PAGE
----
U of A Once Again Posts Record Enrollment, but Growth Is Slowing
FAYETTEVILLE, Ark. – The University of Arkansas welcomed 27,558 students to campus for the fall 2017 semester, a new record for enrollment. This marks the 19th consecutive year for enrollment growth at the U of A, but the 1.3 percent growth rate is considerably slower than the 12.3 percent growth over the past 5 years.
"This is the type of controlled, quality growth that we are striving for here at the University of Arkansas,” said Chancellor Joseph E. Steinmetz. “Suzanne McCray, our vice provost for enrollment, and Kim Needy, graduate school dean, and the entire recruitment staff for both undergraduate and graduate admissions have done an outstanding job of recruiting our largest and best qualified group of Arkansas students to campus, while still attracting exceptional students from across the country and around the world – all at a time when many institutions are seeing their enrollment numbers decline. This enrollment picture is great news for the U of A – and for the state of Arkansas.”
Arkansas residents make up 55.1 percent of the student body, with non-residents accounting for 39.6 percent and international students 5.3 percent.
Women outnumber men in the total enrollment, 52.5 percent to 47.5 percent.
Minority students make up 20 percent of the student body, with the largest groups being:
- Hispanic, 8.1 percent, a 7.7 percent increase from last year
- African American, 4.6 percent, a 3.1 percent decrease
- Students identifying as being of two or more races, 3.4 percent, an increase of 10 percent.
“We still need to improve our ability to recruit qualified minority students from Arkansas to this campus,” Steinmetz said. “Enriching campus diversity and inclusion is one of our guiding priorities, and we are taking steps to achieve this goal. Providing more Advance Arkansas need-based scholarships is a key part of Campaign Arkansas, and will make a difference for qualified students who want to attend the U of A. We are also increasing recruitment efforts and devoting additional resources to preparing high school students in the eastern part of the state to encourage them to come to the Fayetteville campus.”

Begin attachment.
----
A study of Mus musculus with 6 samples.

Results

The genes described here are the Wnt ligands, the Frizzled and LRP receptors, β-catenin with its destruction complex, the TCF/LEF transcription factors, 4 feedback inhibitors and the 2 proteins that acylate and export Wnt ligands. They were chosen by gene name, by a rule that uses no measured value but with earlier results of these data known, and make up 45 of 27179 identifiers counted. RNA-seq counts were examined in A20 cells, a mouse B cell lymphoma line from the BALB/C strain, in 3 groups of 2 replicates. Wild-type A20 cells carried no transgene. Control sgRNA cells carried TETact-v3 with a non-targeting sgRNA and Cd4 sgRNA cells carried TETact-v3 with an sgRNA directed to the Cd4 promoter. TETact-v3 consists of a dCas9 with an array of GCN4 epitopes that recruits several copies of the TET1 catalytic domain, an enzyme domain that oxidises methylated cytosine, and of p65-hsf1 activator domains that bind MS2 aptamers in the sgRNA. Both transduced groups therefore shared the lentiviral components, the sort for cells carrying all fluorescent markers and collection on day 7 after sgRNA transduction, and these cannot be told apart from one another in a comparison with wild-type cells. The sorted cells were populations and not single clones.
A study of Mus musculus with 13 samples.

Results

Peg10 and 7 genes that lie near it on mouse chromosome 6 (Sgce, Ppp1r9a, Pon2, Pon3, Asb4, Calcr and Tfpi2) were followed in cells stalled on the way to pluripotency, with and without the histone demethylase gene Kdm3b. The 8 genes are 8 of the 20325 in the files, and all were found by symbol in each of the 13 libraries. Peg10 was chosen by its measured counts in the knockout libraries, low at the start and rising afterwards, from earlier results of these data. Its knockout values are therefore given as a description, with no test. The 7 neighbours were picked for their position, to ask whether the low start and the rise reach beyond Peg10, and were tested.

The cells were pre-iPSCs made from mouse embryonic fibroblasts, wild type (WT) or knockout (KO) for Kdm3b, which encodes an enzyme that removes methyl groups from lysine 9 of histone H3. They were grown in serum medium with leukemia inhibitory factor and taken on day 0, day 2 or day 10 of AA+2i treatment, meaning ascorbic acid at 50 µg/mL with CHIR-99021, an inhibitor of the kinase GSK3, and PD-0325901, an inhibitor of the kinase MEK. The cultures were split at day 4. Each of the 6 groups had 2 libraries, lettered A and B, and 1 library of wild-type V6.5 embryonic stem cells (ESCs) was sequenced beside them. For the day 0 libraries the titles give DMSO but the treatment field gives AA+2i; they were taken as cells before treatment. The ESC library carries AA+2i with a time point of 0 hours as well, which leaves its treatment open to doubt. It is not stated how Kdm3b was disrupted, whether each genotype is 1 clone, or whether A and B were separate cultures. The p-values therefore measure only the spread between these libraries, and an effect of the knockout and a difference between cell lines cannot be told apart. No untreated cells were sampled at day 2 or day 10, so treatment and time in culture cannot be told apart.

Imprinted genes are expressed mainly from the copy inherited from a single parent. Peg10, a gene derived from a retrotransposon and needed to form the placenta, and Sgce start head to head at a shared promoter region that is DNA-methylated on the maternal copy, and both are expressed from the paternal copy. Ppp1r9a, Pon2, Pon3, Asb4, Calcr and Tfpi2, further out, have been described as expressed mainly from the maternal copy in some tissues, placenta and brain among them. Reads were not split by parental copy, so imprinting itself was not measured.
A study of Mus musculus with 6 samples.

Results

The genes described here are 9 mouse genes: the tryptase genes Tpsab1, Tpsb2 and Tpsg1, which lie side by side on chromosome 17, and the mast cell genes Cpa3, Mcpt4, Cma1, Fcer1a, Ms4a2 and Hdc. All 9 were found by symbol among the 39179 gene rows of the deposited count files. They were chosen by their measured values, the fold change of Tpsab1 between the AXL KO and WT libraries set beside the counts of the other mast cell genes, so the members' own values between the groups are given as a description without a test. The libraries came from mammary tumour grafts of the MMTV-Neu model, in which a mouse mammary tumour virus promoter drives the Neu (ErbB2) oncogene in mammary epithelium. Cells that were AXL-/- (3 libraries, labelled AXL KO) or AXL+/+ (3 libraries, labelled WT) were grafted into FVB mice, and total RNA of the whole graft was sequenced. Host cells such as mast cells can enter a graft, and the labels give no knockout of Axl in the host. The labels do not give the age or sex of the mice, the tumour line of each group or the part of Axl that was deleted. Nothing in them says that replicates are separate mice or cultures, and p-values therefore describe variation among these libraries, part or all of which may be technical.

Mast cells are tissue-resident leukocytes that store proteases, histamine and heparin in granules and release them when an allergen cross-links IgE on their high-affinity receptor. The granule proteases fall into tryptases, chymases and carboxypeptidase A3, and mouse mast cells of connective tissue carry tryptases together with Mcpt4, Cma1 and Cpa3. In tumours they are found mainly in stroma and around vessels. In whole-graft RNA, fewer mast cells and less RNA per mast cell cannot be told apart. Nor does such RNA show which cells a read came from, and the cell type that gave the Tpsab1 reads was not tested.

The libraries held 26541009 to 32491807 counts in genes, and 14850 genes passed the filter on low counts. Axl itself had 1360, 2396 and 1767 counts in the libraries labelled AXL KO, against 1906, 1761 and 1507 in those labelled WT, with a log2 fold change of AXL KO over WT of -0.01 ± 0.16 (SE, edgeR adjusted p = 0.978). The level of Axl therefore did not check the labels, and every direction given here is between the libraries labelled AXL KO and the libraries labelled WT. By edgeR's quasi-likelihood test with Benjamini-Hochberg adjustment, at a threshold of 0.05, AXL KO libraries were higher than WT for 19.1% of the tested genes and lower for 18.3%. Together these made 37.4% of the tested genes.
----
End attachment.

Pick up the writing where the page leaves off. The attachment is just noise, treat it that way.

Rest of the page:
The incoming degree-seeking freshman class is the first at the U of A to have more than 5,000 students, with a total of 5,065. A record number of them are Arkansas residents, 2,476 or 48.9 percent of the class. The total class has a record grade point average of 3.69 and a record ACT average of 26.2.
Minority students make up 20 percent of the freshman class, with Hispanic and African American students making up the largest minority groups. There are:
- 446 Hispanic students, or 8.8 percent of the class, an increase of 5.7 percent over 2016
- 197 African American students, 3.9 percent of the class, a 1 percent increase over the previous year
- Students who identify as being of two or more races, 4.3 percent, a 15.9 percent increase.
Women make up 54.9 percent of the freshman class, compared to 45.1 percent for men.
Overall, undergraduate enrollment also set a record, 23,044 students, a 2.2 percent increase. There was a 2.7 percent drop in the number of graduate students, to 4,161.
These numbers are based on the 11th day enrollment “snapshot” required by the Department of Higher Education, and taken this year on Sept. 5. The numbers are expected to change slightly as corrections are made and officially reported in October.
About the University of Arkansas: The University of Arkansas provides an internationally competitive education for undergraduate and graduate students in more than 200 academic programs. The university contributes new knowledge, economic development, basic and applied research, and creative activity while also providing service to academic and professional disciplines. The Carnegie Foundation classifies the University of Arkansas among only 2 percent of universities in America that have the highest level of research activity. U.S. News & World Report ranks the University of Arkansas among its top American public research universities. Founded in 1871, the University of Arkansas comprises 10 colleges and schools and maintains a low student-to-faculty ratio that promotes personal attention and close mentoring.
Steve Voorhies, manager of media relations
The Music Department offers All Over the Map, a performance by the duo Blue Thread, at 7:30 p.m. Sunday, Oct. 21, in the Stella Boyle Smith Concert Hall on campus.
Elizabeth Ashbaugh was appointed to serve as Arkansas' state student officer for the National Student Speech Language Hearing Association chapter.
This semester's Human Library event will be held Nov. 7, 8, and 9 in Holcombe Hall. Check out a human book now!
Distinguished Professor M. Suhail Zubairy will discuss advancing beyond the diffraction limit in optical lithography at 4 p.m. today, Friday, Oct. 19, in Physics Building 133.
To be considered for the Coffee With the Chancellor, submit your name, year and major to email@example.com by Oct. 22 for the next gathering, scheduled for 10-10:45 a.m., Friday, Oct. 26.